Written by: Jared Burke

Photographed by: Dakota Arsenault

2019 has proven to be a rather eventful year for PUP. On July 21st, the punk rock outfit played the biggest show of their career to a packed audience at RBC’s Echo Beach in Toronto. This highly anticipated homecoming show was in support of the bands third LP entitled “Morbid Stuff”. Chicago Indie-Rock band, Twin Peaks, opened the show.

Having first saw PUP perform at the Danforth Music Hall nearly six years ago when they opened for Hollerado on their So it Goes tour, this was not my first rodeo. I’ve seen them play several times in venues ranging from mid-sized theatre halls and festival grounds, to a secret barn show in Whitby, Ontario. No matter the venue, PUP never fails to exceed my expectations. Seeing PUP play one of Toronto’s biggest stages was both awe inspiring and sentimental.

PUP opened the show with the title track of their new album, Morbid Stuff, followed thereafter with Kids and My Life is Over and I Couldn’t be Happier. While you’d expect familiarity not to be so well established with new songs, the audience clearly couldn’t get enough. The band then launched into Back Against the Wall, their high-energy crowd pleaser from their debut self-titled LP. This was their first time performing the track throughout the entire tour. Each song came off like an anthem, as the hometown crowd belted out every line that came from singer/guitarist Stefan Babcock’s mouth.

One of the distinct pleasures of seeing a band breaking out into the big stages is the enhanced special effects that follow suit. PUP incorporated a large display screen, featuring bright colours and what I’ve been told are original animations illustrated by Babcock himself. Babcock, who is PUP’s primary lyricist, is known for penning lines that lack the typical subtlety or mystique we’ve often come to expect from artists. During tracks, Sleep in the Heat, and Mabu, PUP opted for graphics featuring Babcock’s now deceased lizard and car, as each song is dedicated to their memory respectively.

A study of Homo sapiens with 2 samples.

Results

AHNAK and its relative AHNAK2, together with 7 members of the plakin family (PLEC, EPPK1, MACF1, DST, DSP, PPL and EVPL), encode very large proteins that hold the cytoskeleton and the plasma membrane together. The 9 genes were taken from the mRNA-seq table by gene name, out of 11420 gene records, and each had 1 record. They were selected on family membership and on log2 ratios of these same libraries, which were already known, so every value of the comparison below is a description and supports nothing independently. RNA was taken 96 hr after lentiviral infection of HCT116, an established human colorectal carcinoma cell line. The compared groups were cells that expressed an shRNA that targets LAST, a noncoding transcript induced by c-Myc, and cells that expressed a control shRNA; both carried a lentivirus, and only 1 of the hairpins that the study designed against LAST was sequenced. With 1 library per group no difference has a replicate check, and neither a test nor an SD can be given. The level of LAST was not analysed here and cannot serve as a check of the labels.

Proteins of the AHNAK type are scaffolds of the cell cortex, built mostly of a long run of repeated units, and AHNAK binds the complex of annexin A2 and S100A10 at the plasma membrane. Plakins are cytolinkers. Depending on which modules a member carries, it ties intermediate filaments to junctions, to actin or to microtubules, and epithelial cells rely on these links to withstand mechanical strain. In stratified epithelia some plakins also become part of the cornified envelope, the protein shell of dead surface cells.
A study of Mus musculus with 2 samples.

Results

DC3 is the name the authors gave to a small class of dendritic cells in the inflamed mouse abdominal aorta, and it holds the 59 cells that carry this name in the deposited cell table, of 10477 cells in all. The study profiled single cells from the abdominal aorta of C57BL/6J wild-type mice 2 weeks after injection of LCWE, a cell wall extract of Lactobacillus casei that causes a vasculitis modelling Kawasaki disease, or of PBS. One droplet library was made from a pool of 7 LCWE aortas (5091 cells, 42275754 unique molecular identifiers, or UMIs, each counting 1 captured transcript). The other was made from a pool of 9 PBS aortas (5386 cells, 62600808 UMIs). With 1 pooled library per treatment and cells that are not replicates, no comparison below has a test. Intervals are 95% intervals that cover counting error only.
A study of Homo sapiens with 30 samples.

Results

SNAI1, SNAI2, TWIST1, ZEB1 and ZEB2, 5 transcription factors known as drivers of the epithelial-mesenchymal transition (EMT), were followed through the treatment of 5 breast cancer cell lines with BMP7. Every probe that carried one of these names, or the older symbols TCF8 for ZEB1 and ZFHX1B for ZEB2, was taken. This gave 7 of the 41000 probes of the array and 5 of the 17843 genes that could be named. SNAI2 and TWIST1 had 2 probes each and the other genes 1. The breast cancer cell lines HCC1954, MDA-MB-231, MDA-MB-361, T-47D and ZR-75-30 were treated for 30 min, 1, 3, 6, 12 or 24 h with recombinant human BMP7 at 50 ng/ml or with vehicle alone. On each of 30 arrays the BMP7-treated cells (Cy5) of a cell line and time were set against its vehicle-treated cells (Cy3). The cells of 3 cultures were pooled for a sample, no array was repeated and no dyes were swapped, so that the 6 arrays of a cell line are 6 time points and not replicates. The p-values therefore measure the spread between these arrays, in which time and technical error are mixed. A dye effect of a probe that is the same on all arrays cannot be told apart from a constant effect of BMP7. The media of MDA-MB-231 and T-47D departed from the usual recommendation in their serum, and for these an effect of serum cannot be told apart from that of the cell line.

PUP’s stage presence consisted of a moderate degree of banter. The band offered humble sentiments, describing the tremendous gratitude they have for their hometown fans. Towards the end of their set, lead guitarist Steve Sladkowski embarked on what began as an impassioned plea for his audience to become civically engaged in their communities, as Canadian’s will soon head to the polls for the 2019 federal election.

While his remarks began with noble intentions, his speech devolved into vulgar obscenities, directed at Ontario’s current premier, Doug Ford. While PUP is most certainly entitled to use their earned platform to freely express their views, I found the band’s remarks to be somewhat sanctimonious. Considering the fact that PUP has directly and indirectly received financial support from the federal and provincial governments to aide their career, I could’ve done without the partisan divisiveness.

Notable performances from the show included a cover of Canadian rock band The Weakerthans’ track entitled Plea From a Cat Named Virtue. PUP later welcomed onstage friend and labelmate Jeff Rosenstock to perform his song Hey Allison! Finally, the band wrapped up their set with the singalong, If This Tour Doesn't Kill You, I Will, followed immediately by the raw fan-favourite entitled DVP.

PUP’s Echo Beach performance was downright spectacular. The band brought their infamous blend of infectious hooks combined with their technically accomplished musicianship, to rock the biggest stage of their career (thus far). It only goes up from here!